Scone /ˈskoʊn/ is a town in the Upper Hunter Shire in the Hunter Region of New South Wales, Australia. At the 2006 census, Scone had a population of 4,624 people. It is on the New England Highway north of Muswellbrook about 270 kilometres north of Sydney, and is part of the New England (federal) and Upper Hunter (state) electorates. Scone is in a farming area and is also noted for breeding Thoroughbred racehorses. It is known as the 'Horse capital of Australia'.
First inhabitants of the region were the Wonnarua & Gamilaroi Aboriginal Peoples. Allan Cunningham was the first recorded European person to travel into the Scone area, reaching the Upper Dartbrook and Murrurundi areas in 1823. Surveyor Henry Dangar travelled through the area, prior to passing over the Liverpool Range above Murrurundi in 1824. The first properties in the area were Invermein and Segenhoe in 1825. The town initially started as the village of Redbank in 1826 and in 1831 Hugh Cameron, a Scottish descendant put forward the name of Scone to Thomas Mitchell. It was gazetted as Scone in 1837 and during the early days was renowned for its large pastoral properties including Belltrees and Segenhoe. Early buildings were St Luke's Church, Scone Post Office, the Old Court Theatre (that is now a hall for musicals and plays), and the St Aubins' Inn.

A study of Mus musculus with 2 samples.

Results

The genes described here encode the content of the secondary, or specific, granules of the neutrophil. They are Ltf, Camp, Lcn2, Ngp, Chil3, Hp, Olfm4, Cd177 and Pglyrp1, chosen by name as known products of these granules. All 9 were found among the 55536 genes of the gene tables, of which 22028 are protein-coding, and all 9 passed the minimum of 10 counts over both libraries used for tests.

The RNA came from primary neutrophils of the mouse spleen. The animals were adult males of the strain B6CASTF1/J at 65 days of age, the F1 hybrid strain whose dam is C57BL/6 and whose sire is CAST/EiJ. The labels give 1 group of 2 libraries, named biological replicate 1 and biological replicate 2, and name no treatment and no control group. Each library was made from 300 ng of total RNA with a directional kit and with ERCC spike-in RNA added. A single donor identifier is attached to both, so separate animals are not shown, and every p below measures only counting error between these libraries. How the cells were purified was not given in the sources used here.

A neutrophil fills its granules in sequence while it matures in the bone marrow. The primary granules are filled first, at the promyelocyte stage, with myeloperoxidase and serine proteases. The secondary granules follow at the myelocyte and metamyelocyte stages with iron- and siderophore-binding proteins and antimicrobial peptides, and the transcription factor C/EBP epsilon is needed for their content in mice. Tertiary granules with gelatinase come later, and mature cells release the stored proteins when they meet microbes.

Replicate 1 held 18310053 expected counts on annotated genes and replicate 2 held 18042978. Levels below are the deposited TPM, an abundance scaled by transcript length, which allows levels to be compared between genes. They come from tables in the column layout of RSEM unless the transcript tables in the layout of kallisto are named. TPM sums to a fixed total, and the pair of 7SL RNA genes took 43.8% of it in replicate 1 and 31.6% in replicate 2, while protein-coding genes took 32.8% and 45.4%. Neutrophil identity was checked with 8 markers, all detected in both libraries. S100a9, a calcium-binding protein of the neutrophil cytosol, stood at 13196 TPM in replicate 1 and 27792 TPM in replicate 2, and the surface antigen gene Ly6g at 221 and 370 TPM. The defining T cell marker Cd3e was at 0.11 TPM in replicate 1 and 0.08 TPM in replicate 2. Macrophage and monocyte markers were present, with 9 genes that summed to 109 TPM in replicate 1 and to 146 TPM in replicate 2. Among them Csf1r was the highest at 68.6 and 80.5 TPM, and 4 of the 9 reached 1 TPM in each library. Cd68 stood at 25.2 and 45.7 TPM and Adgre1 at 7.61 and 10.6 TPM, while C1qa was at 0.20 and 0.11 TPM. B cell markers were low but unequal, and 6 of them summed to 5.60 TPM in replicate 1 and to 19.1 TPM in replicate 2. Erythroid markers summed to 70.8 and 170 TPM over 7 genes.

Scone Shire was merged into the Upper Hunter Shire in 2004, integrating parts of the former Murrurundi and Merriwa shires.
The annual Scone Horse Festival is a celebration of Scone's cultural links to equines. It is celebrated during May and includes all manner of activities, including wine tours, Open Days across the numerous horse studs in the area, the Scone rodeo, the Scone School Horse Sports competition, the Black Tie Ball, and a parade in Kelly Street.
The main event is a horse racing carnival featuring the prestigious Scone Cup, one of the richest country racing days in New South Wales and Australia. Small celebrations are also a key part of the festival and include schools, businesses, public events and sports centres. The Horse Festival is also traditionally linked with such events as the Belltrees poetry competition, the yarns night and many other small annual fundraisers and events. Scone also hosts the Inglis Guineas Day, a major race meet, in the middle of May.
The town is also home to some of the very old pony clubs and is known for a happening polo club. Besides these, the region is well known for its dairies and wineries.